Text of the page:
Boston Schools Receive $1.6mil Grant for Trauma Resources

(Photo: Wikimedia Commons)

(Photo: Wikimedia Commons)

Boston Public Schools have received a $1.6 million federal grant through a partnership with the Massachusetts Office of Victim Assistance to be put toward helping students who are displaying early signs of trauma.

Attorney General Maura Healey released a statement saying that the grant would be used to continue the work being done by MOVA in support of those who were affected by the Boston Marathon bombings by allowing schools to afford the resources necessary to help both students and their families.

The money will go toward the expansion and allocation of resources for the program BPS CARES, which looks to help students who have been through a traumatic experience. In particular, trauma specialists will be placed at 10 schools in the district. The individuals will help to coordinate interventions with students who have experienced trauma. In addition, help will be offered to their families through referrals to partner organizations.

Schools were chosen based on academic status, chronic absenteeism rates, the degree of trauma experienced by students, and family instability. In all, nine schools enroll elementary and/or middle school students. The Jeremiah E. Burke High School in Dorchester was also chosen.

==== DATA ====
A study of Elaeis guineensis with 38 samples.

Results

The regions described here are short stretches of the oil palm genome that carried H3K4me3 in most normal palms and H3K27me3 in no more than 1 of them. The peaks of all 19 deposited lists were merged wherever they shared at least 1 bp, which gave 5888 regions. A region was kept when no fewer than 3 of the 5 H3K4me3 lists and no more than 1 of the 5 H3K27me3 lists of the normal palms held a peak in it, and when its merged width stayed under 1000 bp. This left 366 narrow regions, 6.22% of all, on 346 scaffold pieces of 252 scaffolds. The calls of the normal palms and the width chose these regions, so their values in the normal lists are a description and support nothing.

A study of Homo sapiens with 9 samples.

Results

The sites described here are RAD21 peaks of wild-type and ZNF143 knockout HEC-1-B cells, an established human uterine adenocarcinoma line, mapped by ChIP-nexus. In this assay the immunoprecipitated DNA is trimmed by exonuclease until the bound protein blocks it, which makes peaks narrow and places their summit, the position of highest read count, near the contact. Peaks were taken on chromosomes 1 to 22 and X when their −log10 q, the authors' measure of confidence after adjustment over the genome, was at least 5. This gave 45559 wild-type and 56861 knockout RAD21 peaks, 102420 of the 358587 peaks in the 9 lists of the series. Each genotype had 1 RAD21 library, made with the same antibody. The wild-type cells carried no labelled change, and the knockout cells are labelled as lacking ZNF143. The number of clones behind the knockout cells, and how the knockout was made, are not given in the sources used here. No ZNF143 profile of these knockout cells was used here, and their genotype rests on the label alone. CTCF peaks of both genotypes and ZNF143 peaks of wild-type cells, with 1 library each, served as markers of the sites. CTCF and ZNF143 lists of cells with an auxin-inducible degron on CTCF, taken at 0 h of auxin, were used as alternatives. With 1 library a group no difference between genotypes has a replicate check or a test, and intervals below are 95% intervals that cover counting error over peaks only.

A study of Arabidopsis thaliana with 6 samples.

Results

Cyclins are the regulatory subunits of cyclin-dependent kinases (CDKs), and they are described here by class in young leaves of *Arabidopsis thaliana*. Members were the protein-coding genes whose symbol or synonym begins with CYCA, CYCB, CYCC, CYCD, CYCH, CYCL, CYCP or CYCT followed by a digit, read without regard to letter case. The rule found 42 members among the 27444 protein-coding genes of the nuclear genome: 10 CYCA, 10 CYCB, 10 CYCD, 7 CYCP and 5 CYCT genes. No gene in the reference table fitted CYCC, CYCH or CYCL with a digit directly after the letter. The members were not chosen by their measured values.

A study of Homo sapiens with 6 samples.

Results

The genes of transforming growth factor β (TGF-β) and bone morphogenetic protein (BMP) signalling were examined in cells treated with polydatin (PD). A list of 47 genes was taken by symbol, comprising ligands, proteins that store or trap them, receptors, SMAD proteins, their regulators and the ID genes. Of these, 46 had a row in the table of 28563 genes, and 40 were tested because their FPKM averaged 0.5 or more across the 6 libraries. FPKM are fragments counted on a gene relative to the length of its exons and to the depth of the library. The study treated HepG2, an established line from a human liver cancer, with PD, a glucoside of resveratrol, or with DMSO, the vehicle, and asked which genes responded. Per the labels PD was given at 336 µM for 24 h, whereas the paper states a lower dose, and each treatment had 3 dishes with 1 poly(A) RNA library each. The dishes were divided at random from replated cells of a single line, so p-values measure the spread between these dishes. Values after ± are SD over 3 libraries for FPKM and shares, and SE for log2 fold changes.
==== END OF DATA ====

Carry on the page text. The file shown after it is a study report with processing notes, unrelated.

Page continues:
Forums will be available for families throughout the city to discuss the consequences associated with trauma, in addition to offering guidance for the management of trauma symptoms at home, reports Allison Pohle for

"Traumatic experiences impact learning, behavior, and relationships at all levels," the district's Assistant Superintendent for Social Emotional Learning and Wellness Amalio Nieves said in a statement. "Creating a trauma-sensitive community that fosters safe and healthy environments is critical, not only for our students' performance in the classroom, but also for their well-being in their everyday lives."

Healey's statement on the grant said that young people needed support in order to handle trauma and violence if they were to have a chance to put a stop to such activities.

According to a study performed by Boston Children's Hospital, 20% of students in the city have experienced at least two traumatic events in their lives, including experiences such as domestic violence, neighborhood violence, crime, or poverty, writes Chris Villani for The Boston Herald.

"Here at BPS, we continue to take the lead in supporting trauma response initiatives to help students and their families in times of crisis. Research shows that when left untreated, serious violence can have … lifelong impact on students, into adulthood," said School Superintendent Tommy Chang. "It affects their ability to form healthy relationships, succeed in school, secure employment — and they have poor health outcomes."

An interview with 17-year-old Nazeem Nelson uncovered an instance of urban violence witnessed by Nelson after he began to spend time with a group of friends. Nelson said he was skipping school and receiving F's. It was only when he was transferred to Jeremiah E. Burke High School and took part in an intervention program that he turned his life around and becoming an honor roll student, writes Jeremy Fox for The Boston Globe.